Dean and Jeanette Tucker are the owners of Celebrity Cakes Bakery and Latin Café, a custom cake shop and kitchen tucked into the corner of a strip mall in Coral Springs. During the week, diners nosh on piled-high Philly cheesesteaks, Uruguay’s famous chivitos, and a variety of other pan-Latin sandwiches and entrées. On the weekends, though, Bolivians travel from all corners of Florida to get a taste of Jeanette’s native cuisine, and by Sunday afternoon, it's usually sold out.
“The cake shop is my wife’s main business,” says Dean, gesturing toward the custom cakes that line the café's large windows.
“How [the Bolivian food] all started, believe it or not, was one Friday afternoon, [Jeanette] put up a Facebook page to see if we’d get any response. On Saturday afternoon, people started calling and coming. A big response, but a small place,” Dean continues, detailing the history of the three spaces, each one larger than the previous, that the bakery has occupied over the past five years. Business is good.
If you’re unfamiliar with the landlocked nation's cuisine, don't feel like you've missed out on a hot trend that came and went. Unlike Peru's ceviches, Venezuela's arepas, and Argentina's meats, Bolivian cuisine hasn’t had the proliferation or the exposure to yet gain South America's, let alone South Florida's, attention.
“We probably sell 300 or 400 [salteñas] per weekend," Dean says. Easily the star dish of Celebrity Cakes' menu, the salteña is Bolivia’s answer to the empanada. Spicy chicken or beef, stewed in juices laced with cumin and other spices, is stuffed into a thick, slightly sweet dough and then sealed. Connoisseurs will eat and slurp at the same time, while daintier eaters will use a spoon to scoop out the filling.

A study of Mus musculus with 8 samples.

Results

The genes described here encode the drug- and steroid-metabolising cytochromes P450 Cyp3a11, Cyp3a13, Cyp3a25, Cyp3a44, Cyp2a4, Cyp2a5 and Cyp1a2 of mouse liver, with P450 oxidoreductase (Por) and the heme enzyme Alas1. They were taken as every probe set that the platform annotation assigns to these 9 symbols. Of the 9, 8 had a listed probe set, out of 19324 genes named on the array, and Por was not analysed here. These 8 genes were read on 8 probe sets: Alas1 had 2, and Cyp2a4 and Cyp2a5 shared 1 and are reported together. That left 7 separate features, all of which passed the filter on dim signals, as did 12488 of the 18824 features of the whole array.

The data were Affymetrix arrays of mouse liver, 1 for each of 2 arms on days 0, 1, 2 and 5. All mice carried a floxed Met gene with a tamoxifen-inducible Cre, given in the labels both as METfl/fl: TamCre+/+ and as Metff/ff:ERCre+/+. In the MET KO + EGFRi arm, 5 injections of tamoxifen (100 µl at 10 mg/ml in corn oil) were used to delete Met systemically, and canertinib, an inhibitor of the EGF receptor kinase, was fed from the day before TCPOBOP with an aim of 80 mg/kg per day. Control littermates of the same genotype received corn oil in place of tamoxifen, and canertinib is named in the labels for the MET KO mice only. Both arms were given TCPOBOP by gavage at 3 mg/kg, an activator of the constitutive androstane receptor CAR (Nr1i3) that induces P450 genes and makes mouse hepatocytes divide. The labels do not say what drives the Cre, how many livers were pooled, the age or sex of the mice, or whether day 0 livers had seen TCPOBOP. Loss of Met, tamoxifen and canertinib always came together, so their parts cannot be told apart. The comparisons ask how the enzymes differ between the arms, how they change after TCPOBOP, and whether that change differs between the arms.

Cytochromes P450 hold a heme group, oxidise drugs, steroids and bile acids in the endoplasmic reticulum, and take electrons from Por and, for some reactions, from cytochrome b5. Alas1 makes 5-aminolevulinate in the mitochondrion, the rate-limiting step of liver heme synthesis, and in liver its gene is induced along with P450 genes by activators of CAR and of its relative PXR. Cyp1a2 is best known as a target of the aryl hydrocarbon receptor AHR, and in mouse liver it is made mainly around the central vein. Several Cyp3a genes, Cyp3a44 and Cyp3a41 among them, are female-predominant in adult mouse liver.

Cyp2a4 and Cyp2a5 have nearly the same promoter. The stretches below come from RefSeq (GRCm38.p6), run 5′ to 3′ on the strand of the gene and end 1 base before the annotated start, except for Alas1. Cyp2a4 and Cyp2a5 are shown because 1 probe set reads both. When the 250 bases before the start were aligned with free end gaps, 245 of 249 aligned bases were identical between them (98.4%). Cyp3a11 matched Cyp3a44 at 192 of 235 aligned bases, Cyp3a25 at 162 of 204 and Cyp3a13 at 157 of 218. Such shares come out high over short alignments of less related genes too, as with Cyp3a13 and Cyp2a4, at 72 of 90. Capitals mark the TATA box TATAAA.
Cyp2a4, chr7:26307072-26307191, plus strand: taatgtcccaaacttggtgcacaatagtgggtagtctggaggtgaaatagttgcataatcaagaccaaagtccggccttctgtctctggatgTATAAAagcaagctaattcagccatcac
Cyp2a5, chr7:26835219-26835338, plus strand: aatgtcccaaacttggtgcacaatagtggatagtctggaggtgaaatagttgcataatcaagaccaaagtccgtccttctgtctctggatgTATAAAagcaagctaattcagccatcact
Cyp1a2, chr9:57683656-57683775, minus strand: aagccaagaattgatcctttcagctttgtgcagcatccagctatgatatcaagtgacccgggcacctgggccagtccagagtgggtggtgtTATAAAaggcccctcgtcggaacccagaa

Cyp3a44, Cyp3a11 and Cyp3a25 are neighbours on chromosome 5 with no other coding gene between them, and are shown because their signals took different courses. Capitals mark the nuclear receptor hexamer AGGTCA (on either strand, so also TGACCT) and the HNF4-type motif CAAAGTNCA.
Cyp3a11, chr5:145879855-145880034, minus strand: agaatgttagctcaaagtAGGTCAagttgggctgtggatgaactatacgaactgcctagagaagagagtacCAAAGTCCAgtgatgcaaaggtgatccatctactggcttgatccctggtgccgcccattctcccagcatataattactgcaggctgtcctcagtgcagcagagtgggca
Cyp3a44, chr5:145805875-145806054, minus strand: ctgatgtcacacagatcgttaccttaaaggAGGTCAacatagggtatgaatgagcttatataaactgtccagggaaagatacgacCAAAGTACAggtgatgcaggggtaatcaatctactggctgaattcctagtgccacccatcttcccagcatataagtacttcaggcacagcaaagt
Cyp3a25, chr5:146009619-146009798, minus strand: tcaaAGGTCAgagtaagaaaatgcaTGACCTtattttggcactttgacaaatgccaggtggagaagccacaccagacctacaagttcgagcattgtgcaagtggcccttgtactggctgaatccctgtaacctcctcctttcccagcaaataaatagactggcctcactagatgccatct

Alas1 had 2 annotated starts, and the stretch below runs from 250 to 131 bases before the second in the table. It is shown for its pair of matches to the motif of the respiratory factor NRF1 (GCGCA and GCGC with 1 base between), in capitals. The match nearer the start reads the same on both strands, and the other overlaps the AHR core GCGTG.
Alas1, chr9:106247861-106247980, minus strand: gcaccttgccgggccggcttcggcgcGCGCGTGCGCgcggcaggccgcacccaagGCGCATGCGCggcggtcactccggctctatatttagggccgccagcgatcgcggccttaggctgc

Other classic Bolivian dishes on the menu include sopa de maní — a peanut-based soup with chicken, stewed vegetables, and large rigatoni noodles. For those with an iron stomach, the silpancho — a sort of casserole made with rice, potatoes, and a fried beef cutlet topped with onions, herbs, and even chicharrones — will hit the spot. Humintas are comparable to the Mexican tamale but made with fresh corn and a bit of sugar, all stuffed into a banana leaf and then steamed. For dessert or simply to wash everything down, try an ice-cold glass of mocochinchi, a beverage made by boiling dehydrated peaches, sugar, and water.
Celebrity Cakes offers Bolivian classics from 8 a.m. to 6 p.m. Saturday and Sunday, though some of the items are available during the week with advance notice. "People come from all over — Jacksonville, Naples, Tampa," Dean says. With only one Bolivian consulate in Florida, expats flock to this lone outpost to get a taste of home.
It’s worth a trip to Coral Springs for a taste of a cuisine that, even in the Latin American community, is often overlooked. Find Dean and Jeanette during the week, but ideally on weekends, at 10299 Royal Palm Blvd., next to Bravo Supermarket.